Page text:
In this week’s FB Roundup, tributes are paid to Ann Summers boss Jacqueline Gold; Billionaire broker Charles Schwab loses $2.9 billion in SVB collapse; and Guatemala's first billionaire, Mario Lopez Estrada, dies aged 84.
Jacqueline Gold, the British entrepreneur who was the executive chair of Gold Group International, Ann Summers and Knickerbox.

Tributes paid to Ann Summers boss Jacqueline Gold
Jacqueline Gold, the British entrepreneur who was the executive chair of Gold Group International, Ann Summers and Knickerbox, has passed away at the age of 62, following a seven-year battle with breast cancer.

The 16th richest woman in Great Britain (worth £470 million in 2019, according to The Sunday Times Rich List) died just two months after the passing of her 86-year-old father, David, a businessman and co-chairman of West Ham United football club.

“It is with unspeakable sadness that Ann Summers confirm our amazing executive chair Jacqueline Gold CBE passed away yesterday evening with her husband Dan, daughter Scarlett, sister Vanessa and brother-in-law Nick by her side,” said a family statement.

“Jacqueline courageously battled stage four breast cancer for seven years and was an absolute warrior throughout her cancer journey,” said her sister Vanessa.

Gold, who was made a CBE in 2016 for services to entrepreneurship, women in business and social enterprise, was best known for growing the lingerie retailer Ann Summers into a successful high street chain, after her father David brought the brand with his brother Ralph in 1972.

Jacqueline Gold joined the business on an internship in 1981 and pioneered numerous innovations to make Anne Summers a household name in the UK. She took over as chief executive of Ann Summers in 1987 and continued to lead the business as executive chair, alongside her sister Vanessa, who is now chief executive officer.

“She absolutely paved the way for women to feel empowered in the bedroom and the boardroom and really brought female sexuality into the mainstream,” said Lucy Litwack, chief executive of Coco de Mer, in an interview with the BBC. “It was her vision and championing of women, that I found so inspiring, that I think will be her legacy.”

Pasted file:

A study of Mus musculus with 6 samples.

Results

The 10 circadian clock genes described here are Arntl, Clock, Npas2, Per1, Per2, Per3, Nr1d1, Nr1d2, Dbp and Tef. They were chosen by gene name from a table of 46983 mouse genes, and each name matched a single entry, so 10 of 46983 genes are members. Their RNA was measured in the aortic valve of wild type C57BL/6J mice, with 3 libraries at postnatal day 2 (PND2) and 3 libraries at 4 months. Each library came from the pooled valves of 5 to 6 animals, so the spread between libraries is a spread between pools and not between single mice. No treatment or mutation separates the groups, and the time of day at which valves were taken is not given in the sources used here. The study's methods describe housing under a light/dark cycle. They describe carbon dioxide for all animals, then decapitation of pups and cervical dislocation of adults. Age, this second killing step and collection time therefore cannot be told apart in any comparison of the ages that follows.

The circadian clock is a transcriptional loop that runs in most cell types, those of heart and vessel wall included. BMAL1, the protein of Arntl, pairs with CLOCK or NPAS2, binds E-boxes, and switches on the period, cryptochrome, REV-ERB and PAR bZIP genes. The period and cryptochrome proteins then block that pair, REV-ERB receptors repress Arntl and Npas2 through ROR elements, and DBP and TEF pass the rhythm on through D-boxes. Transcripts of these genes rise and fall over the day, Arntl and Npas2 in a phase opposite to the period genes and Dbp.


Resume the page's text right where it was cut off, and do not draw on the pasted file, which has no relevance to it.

Billionaire broker Charles Schwab loses $3 billion in SVB collapse
Charles Schwab, the billionaire founder of American multinational financial services company The Charles Schwab Corporation, has seen his personal net worth drop by $3 billion following the collapse of Silicon Valley Bank.

The 85-year-old’s net worth is down more than that of any other US billionaire this year and is the steepest drop since he appeared on the Bloomberg Billionaires Index more than ten years ago. However, with a new net worth standing at $9.99 billion, he is still the world’s 183rd-richest person, and his firm is keen to assuage any portfolio fears.

“Schwab’s long-standing reputation as a safe port in a storm remains intact, driven by record-setting business performance, a conservative balance sheet, a strong liquidity position and a diversified base of 34 million+ account holders who invest with Schwab every day,” said a statement by Schwab and company chief executive officer, Walt Bettinger. “As such, we remain confident in our approach and in our ability to help clients through all kinds of economic environments.”

Much of Schwab’s fortune is derived from a 6% stake in his eponymous company, where he serves as chairman.

Guatemala's first billionaire dies aged 84
Mario Lopez Estrada, the Guatemalan telecommunications businessman who held the honour of being his home country’s first-ever billionaire, has died at the age of 84.

The president and main shareholder of mobile phone service provider company Tigo Guatemala, Lopez is said to have passed of natural causes, according to a statement from Grupo Onyx, a conglomerate with interests in real estate and energy established by the billionaire.

Lopez’s grandfather was the dictator Manuel Estrada Cabrera, who ruled Guatemala for 22 years before being overthrown in 1920. A former government minister himself, Lopez built his wealth after Guatemala’s state telecommunications system was privatised in the 1980s.

A fruitful partnership with mobile phone carrier Millicom International Cellular SA resulted in a $2.2 billion payday (according to Forbes) when Lopez sold his stake in 2021.

“I am somewhat affluent,” he said in a 2014 interview. “What’s important is to not stay in the comfort zone.”

Lopez was also the founder and president of the board of directors of Tigo Foundation, an organisation supporting children in Guatemala with healthcare, education and sports.

Lopez is survived by his son, Mario, Grupo Onyx’s current chief executive officer, and daughters Mariana and Gabriela, who also sit on Grupo Onyx’s board.